It’s clear the majority feel Facebook Is having a negative impact on society. So what can we do about it?
I believe in 2004 Zuckerberg genuinely set out to create a global community, but the technology has moved on faster than we could have ever imagined. Looking to the future, it is clear Facebook, and other networking platforms, will have a role in shaping our society – this is an inevitable given.
If we want change, then we need to take action:
Facebook needs to operate ethically and transparently. Facebook is a trailblazer, a first. Trial and error are part of any Silicon Valley start-up, and although Zuckerberg has apologised for past wrong doings that he may have not foreseen, he needs to put these values at the core of his business operation and personify them. This is the only way he will rebuild trust in his users.
Politicians need to catch up, quickly, with policies suited to support our modern world. The immediate focus should be allocating resource to help monitor content that is uploaded to the platform, and this needs to be done at a global level. The press has recently started to shed light on the reality of what being a Facebook content moderator entails, and it is shocking. In my opinion, monitoring terrorist groups, hate content and fake news on this scale overlaps with the remit of many governments and should not be the sole responsibility of any business. The UK has recently published the ‘Online Harms White Paper’ which states their intention to establish a new statutory duty of care to hold companies accountable and an independent content regulation committee. Although the objective is positive, the proposal currently lacks a thought through framework and process to action change anytime soon.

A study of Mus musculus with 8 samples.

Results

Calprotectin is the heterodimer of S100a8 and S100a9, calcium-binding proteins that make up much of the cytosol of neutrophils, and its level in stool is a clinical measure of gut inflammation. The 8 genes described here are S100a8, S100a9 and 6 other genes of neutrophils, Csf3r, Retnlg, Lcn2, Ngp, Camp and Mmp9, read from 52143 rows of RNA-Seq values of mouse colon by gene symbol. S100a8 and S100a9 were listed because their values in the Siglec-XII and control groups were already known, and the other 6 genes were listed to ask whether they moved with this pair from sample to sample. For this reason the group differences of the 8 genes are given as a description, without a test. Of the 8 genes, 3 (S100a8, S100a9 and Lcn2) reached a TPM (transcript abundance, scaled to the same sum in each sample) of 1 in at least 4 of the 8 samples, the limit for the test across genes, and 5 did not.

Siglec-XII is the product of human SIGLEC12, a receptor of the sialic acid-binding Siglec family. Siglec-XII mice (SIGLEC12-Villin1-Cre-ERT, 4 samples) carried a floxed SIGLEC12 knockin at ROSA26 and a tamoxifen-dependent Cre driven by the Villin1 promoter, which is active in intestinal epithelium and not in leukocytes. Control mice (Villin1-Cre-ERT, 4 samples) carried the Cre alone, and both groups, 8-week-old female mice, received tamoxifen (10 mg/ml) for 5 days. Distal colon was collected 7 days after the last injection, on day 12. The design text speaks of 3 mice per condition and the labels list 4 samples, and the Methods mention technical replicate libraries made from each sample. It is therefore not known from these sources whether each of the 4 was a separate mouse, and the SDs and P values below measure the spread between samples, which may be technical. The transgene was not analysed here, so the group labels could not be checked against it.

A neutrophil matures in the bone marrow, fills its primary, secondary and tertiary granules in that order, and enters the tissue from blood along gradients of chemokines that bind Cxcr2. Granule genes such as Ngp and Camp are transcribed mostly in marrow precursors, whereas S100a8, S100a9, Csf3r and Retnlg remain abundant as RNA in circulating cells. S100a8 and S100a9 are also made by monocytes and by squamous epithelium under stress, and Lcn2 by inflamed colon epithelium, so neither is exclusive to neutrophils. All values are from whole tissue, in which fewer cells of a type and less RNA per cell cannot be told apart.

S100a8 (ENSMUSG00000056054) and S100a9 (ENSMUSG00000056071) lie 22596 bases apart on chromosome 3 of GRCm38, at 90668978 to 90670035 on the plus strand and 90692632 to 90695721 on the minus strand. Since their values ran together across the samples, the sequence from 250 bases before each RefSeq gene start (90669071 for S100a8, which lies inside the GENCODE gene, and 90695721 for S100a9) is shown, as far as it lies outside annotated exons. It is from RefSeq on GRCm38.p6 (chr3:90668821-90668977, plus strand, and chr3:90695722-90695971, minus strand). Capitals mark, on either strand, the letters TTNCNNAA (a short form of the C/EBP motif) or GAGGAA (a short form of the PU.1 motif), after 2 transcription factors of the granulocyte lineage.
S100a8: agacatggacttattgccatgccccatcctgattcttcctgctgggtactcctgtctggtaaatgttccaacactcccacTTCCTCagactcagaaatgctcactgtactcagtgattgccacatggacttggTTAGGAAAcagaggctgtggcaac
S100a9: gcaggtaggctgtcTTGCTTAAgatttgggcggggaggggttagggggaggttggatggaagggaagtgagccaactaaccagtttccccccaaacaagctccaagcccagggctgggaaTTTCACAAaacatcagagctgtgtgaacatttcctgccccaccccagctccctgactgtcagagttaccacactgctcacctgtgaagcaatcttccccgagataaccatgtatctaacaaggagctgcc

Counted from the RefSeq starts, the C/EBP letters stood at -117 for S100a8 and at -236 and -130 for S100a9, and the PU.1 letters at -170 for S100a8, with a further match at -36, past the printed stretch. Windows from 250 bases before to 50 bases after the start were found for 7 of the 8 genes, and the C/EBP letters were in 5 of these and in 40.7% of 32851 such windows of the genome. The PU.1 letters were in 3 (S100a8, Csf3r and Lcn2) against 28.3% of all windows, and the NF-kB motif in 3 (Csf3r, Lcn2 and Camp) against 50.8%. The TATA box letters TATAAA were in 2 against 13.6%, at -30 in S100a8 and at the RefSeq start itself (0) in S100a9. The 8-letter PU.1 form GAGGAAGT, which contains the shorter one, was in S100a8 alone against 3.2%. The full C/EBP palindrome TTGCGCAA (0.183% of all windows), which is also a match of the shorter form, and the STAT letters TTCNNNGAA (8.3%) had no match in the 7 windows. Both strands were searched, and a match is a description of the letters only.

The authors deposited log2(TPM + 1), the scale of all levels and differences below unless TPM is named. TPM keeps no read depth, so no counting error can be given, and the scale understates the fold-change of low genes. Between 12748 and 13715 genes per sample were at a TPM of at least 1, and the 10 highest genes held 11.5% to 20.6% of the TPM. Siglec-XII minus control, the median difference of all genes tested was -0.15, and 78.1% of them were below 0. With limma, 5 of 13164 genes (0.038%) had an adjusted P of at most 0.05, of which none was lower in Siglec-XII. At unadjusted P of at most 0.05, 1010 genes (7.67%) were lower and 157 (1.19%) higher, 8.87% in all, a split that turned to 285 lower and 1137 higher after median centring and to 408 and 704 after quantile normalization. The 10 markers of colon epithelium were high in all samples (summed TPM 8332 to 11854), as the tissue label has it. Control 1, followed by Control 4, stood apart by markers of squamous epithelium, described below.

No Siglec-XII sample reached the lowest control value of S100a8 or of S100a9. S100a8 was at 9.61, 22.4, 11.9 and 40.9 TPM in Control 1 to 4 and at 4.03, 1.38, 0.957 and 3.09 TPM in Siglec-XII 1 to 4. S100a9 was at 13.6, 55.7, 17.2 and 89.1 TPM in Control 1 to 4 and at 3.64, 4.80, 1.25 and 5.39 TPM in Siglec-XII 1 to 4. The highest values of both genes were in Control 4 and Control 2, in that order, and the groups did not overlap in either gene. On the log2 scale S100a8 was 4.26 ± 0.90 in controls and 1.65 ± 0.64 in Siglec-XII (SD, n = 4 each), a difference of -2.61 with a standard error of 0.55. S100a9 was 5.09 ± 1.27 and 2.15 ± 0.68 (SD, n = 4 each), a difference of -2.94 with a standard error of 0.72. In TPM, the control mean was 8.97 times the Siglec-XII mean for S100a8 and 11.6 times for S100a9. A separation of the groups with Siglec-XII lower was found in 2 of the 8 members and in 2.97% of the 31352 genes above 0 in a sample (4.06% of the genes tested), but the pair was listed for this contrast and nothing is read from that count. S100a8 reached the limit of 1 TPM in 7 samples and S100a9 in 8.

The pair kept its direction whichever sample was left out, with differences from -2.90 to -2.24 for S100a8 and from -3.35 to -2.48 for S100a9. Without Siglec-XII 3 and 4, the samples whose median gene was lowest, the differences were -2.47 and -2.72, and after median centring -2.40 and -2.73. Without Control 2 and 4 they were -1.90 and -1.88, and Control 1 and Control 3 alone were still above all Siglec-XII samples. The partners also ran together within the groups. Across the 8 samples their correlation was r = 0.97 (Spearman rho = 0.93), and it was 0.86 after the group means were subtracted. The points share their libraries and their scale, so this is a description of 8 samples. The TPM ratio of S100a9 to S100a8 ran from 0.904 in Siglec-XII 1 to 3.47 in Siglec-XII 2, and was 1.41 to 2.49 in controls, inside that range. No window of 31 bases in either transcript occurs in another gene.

Another example of change that is needed at the policy level is the psychological impact of addictive social networking platforms. Dopamine boots have us hooked on technology to the point that Black Mirror predictions are quickly becoming our reality. This was not discussed at this event, but I know I am amongst many who feel passionately about this topic. Is the government going to take any steps to proactively manage the inevitable long-term impact Facebook and other platforms will have on future generations?
Individuals, brands and news publishers need to be accountable for the content they post and be conscious of how they are using the technology. The platform has made it possible to connect the world, but what we are saying on it is up to us. It is also up to us how often we engage with the platform. Try challenging yourself on when to engage and when to be present in the real world (e.g. please do NOT fall guilty of doing the Zombie shuffle with your head in your phone whilst walking on public sidewalks and crowded tube stations!)
With great power, comes great responsibility. The question is not forgiving Zuckerberg and giving him the benefit of the doubt. If we want Facebook to return to the good ol’ days where the pros outweigh the cons, working together is the only way forward. This, and this alone will ensure that time on Facebook is truly time well spent.